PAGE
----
Propaganda Is the Most Dangerous Drug
The world's elder statesmen have a problem when it comes to drug policy. They are increasingly coming out in favor of broad legalization, but their message is having a hard time getting through thanks to decades of anti-drug propaganda from the governments in which they participated.
Three years ago, a group called the Global Commission on Drug Policy released a reportdenouncing the "war on drugs" for increasing violence and failing to curb consumption. It got a lot of attention because its members included such luminaries as former Brazilian President Fernando Henrique Cardoso, former United Nations Secretary-General Kofi Annan, former U.S. Secretary of State George Schultz, former North Atlantic Treaty Organization chief Javier Solana and former Federal Reserve Chairman Paul Volcker. These are serious, powerful men, not potheads or irresponsible anarchists.
Now the group has issued a new reportthat goes further, arguing that an all-out war on drugs is a waste of money and a danger to public health. Thanks in part to restrictive policies, 37 percent of Russia's 1.8 million intravenous drug users are infected with HIV. As many as 100,000 people have died fighting Mexico's drug wars. Minorities and women are disproportionately incarcerated for drug offenses. Meanwhile, global opium production has increased 380 percent since 1980, to 4,000 metric tons a year. The global population of drug users increased about 20 percent from 2008 to 2012, to 243 million, according to the UN.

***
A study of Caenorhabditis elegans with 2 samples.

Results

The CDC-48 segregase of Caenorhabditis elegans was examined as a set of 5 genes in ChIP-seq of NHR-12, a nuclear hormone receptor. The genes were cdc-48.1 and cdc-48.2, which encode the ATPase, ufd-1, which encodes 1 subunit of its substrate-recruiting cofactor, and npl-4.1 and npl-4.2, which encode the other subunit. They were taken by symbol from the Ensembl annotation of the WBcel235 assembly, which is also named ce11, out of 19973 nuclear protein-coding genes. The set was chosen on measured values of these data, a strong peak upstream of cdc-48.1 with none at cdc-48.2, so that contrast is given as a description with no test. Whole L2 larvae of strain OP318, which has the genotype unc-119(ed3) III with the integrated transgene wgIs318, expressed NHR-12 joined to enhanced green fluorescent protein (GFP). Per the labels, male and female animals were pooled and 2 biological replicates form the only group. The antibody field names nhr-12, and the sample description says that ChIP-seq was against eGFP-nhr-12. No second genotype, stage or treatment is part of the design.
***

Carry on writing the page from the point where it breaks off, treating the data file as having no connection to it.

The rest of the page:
The commission recommends that governments renounce prohibitive policies and treat drugs as they do alcohol, tobacco and strong medicines. This would entail experimenting with legal, regulated markets "beginning with but not limited to cannabis, coca leaf and certain novel psychoactive substances," as well as allowing restricted access to highly addictive drugs such as heroin, primarily for treatment purposes. As the report puts it: "Ultimately the most effective way to reduce the extensive harms of the global drug prohibition regime and advance the goals of public health and safety is to get drugs under control through responsible legal regulation."
The voting public isn't nearly as progressive. Uruguay's recent marijuana legalization plan -- cited in the report as a positive example -- is now in danger of collapsing because 64 percent of Uruguayans oppose it. In the U.S., where a majority supports marijuana legalization, most would draw the line at permitting other psychoactive substances. According to recent Huffington Post/YouGov polls, 83 percent oppose the legalization of cocaine and LSD, and 79 percent support the ban on methamphetamine and MDMA, also known as ecstasy. Support for their legalization is in the single digits.
These public prejudices were shaped when the retired politicians who make up most of the commission were in power. Whatever their private opinions might have been, they had no appreciable effect on the policies of governments, which delivered relentless anti-drug propaganda that the media bought and carried.
Perhaps propaganda is the most dangerous drug of all. The U.S. Congress appeared to understand the potentially corrosive effects back in the 1970s and 1980s, when it banned the dissemination on U.S. soil of government-funded media such as Voice of America, partly in an effort to prevent domestic propaganda (the ban is no longer in force). The no-holds-barred war of lies between the governments of Russia and Ukraine shows propaganda machines maintain their deadly effectiveness even today.
Governments' power to influence public opinion should be restricted as tightly as the most dangerous drugs, and free media -- where they still exist -- need to pay special attention to how they relay government messages. Otherwise, when officials grow older and decide something was done wrong, their wisdom will fall on deaf ears.
Corrects to clarify nature of dissemination ban in seventh paragraph.